Investigators have "handful" of suspects
Park opens Tuesday
July 30, 1996
ATLANTA (CNN) -- Centennial Olympic Park, closed since a pipe bomb exploded Saturday, will re-open Tuesday with a memorial service for the victims and some extra security measures. One person died and more than 100 were injured when the device went off, destroying the peaceful ideal of the Games.
Investigators who have been tracking a host of leads have a "handful" of suspects and have recovered some crucial pieces of evidence, sources told CNN.
Apparently, the explosive used in the pipe bomb was smokeless powder and not black powder as earlier assumed.
Smokeless powder is sold over the counter to hobbyists who load their own ammunition and authorities say that about 30 percent of all such pipe bombs in America are made of smokeless powder. One kind, the double smokeless, contains a small amount of nitroglycerin but the standard one is powerful if used skillfully. The powder may be useful in tracking down the person or people who planted it, sources said.
While the FBI says an arrest is not imminent, it is upbeat about cracking the case. "History leads me to believe we'll make an arrest," FBI Special Agent David Tubbs told a news conference Monday. "We'll continue to work until we make an arrest."
An 11-word warning
Tubbs at a press briefing Monday said the FBI has not released any composite sketches and does not plan to do so at this time. "The composites were drawn of individuals who may have been seen in the area....If we are willing to label them suspects, then we will release them," he said.
Tubbs said the warning call made some 23 minutes before the bomb went off was a simple, non-specific message. It was a chilling 11-word message -- "There's a bomb in Centennial Park. You have 30 minutes."
Investigators are interested in talking to some individuals who were very near the site where the bomb placed, said Tubbs.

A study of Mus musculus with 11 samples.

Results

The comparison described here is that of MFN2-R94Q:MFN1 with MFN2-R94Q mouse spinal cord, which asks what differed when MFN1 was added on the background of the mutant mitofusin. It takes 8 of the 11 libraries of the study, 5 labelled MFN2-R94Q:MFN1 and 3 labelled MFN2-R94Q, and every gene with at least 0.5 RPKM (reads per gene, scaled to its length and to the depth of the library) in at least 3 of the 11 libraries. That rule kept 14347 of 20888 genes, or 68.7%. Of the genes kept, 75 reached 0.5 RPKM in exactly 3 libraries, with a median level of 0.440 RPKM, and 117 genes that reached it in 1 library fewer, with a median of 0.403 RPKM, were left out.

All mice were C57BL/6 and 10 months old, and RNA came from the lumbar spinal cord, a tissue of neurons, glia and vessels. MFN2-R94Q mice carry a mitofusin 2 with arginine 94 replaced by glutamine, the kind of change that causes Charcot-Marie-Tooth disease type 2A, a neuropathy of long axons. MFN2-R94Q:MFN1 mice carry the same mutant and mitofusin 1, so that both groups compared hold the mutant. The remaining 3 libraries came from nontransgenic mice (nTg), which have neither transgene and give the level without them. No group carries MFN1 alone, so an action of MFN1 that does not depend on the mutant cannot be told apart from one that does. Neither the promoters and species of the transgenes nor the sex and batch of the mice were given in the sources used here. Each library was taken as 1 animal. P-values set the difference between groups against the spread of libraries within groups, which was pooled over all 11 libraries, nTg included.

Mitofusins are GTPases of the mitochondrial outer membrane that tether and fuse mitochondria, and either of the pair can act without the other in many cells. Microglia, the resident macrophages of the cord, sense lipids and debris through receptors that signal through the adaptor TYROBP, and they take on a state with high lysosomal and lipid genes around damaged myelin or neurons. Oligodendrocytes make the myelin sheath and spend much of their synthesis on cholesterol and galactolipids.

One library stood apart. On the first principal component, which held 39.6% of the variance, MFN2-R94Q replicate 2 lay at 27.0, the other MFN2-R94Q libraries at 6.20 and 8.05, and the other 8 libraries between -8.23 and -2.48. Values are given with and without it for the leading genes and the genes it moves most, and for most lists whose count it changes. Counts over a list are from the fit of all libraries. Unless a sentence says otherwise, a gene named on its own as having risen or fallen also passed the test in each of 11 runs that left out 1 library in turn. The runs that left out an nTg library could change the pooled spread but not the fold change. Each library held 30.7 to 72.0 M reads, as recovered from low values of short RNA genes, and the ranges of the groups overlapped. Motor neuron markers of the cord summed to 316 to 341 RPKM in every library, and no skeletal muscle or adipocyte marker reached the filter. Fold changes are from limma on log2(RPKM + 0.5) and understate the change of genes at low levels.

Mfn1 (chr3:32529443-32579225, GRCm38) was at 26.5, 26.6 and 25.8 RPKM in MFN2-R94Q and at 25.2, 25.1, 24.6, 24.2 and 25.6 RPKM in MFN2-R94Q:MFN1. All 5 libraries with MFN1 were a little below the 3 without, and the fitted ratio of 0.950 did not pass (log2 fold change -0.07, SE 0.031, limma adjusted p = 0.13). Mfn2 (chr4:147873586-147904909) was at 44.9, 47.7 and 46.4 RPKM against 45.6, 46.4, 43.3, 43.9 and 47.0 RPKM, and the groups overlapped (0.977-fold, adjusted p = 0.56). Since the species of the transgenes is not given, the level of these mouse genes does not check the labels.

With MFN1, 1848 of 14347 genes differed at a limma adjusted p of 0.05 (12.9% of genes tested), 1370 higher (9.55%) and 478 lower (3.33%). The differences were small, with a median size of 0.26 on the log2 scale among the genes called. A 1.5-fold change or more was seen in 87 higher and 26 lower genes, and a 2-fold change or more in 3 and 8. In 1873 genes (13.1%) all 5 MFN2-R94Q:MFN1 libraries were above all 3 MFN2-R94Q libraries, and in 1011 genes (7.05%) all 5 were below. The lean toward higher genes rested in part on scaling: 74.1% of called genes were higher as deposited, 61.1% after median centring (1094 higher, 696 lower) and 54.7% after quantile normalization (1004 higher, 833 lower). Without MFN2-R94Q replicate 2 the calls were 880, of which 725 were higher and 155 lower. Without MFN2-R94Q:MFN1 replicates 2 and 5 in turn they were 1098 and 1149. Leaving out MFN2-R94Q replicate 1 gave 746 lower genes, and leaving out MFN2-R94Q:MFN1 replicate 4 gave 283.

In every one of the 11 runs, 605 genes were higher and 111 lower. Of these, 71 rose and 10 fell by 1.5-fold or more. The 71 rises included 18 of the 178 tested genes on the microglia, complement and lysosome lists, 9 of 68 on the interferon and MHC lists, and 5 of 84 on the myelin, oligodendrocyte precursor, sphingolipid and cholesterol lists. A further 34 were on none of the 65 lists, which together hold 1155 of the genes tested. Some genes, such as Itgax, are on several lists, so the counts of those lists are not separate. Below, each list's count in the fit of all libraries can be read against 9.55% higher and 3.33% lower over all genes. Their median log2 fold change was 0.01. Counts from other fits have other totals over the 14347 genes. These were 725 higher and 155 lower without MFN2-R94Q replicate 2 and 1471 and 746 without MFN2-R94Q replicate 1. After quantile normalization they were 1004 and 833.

The FBI says it has been flooded with information -- including videotapes and photographs -- that could lead to the bomber. So far, Tubbs said the FBI has received 900 calls on its toll-free line.
Call this FBI hotline number to offer information on the Centennial Olympic Park bombing:1-800-905-1514
The physical evidence
Investigators have also found some pieces of the pipe bomb that could prove to be crucial evidence, sources say.
An intact end cap from one of the three pipe bombs that were tied together to cause the blast was found by a tourist, who later turned it over to the FBI.
The nails used in the bomb were masonry nails; they have a round top, slight spiral ribs and a very slight thread. Sources say that since these are an odd choice of nails for a person to buy, it was more likely that the bomber used whatever was around at the time.
While earlier reports had indicated that only two of the three bombs had gone off, sources now say that all three exploded. Investigators also apparently know how the bomb was made, and that some sort of electronic timer was used.
Extra security at Park
Extra security at the Park will include random hand searches of bags and containers but will not involve metal detectors, Atlanta Olympic officials said. Earlier, a source told CNN that metal detectors would be used in the park.
Questioned Monday about the legality of arbitrary searches, Fulton County Sheriff Jacquelyn Barrett said they would be truly random; officers would not attempt to single out any particular race or age group.
To be legal, the searches would have to be made upon entry and not after someone is already in the park, Georgia Attorney General Michael Bowers told CNN.
The militia theory
Based on one of their composite sketches, FBI agents interviewed an Alabama militia member, then ruled him out as a suspect.
One theory that investigators say points them toward a militia-type organization or an anti-government organization is that law enforcement officials may have been the real target of the bombing.
Sources point out the bomb went off before the 30 minute warning was over -- when police were frantically trying to clear the park.
"A great concern to us was whether or not the intention was to get the police officers in the area and to hurt as many as possible, " said Barrett.
CNN Correspondent Art Harris contributed to this report
© 1996 Cable News Network, Inc.
Terms under which this service is provided to you.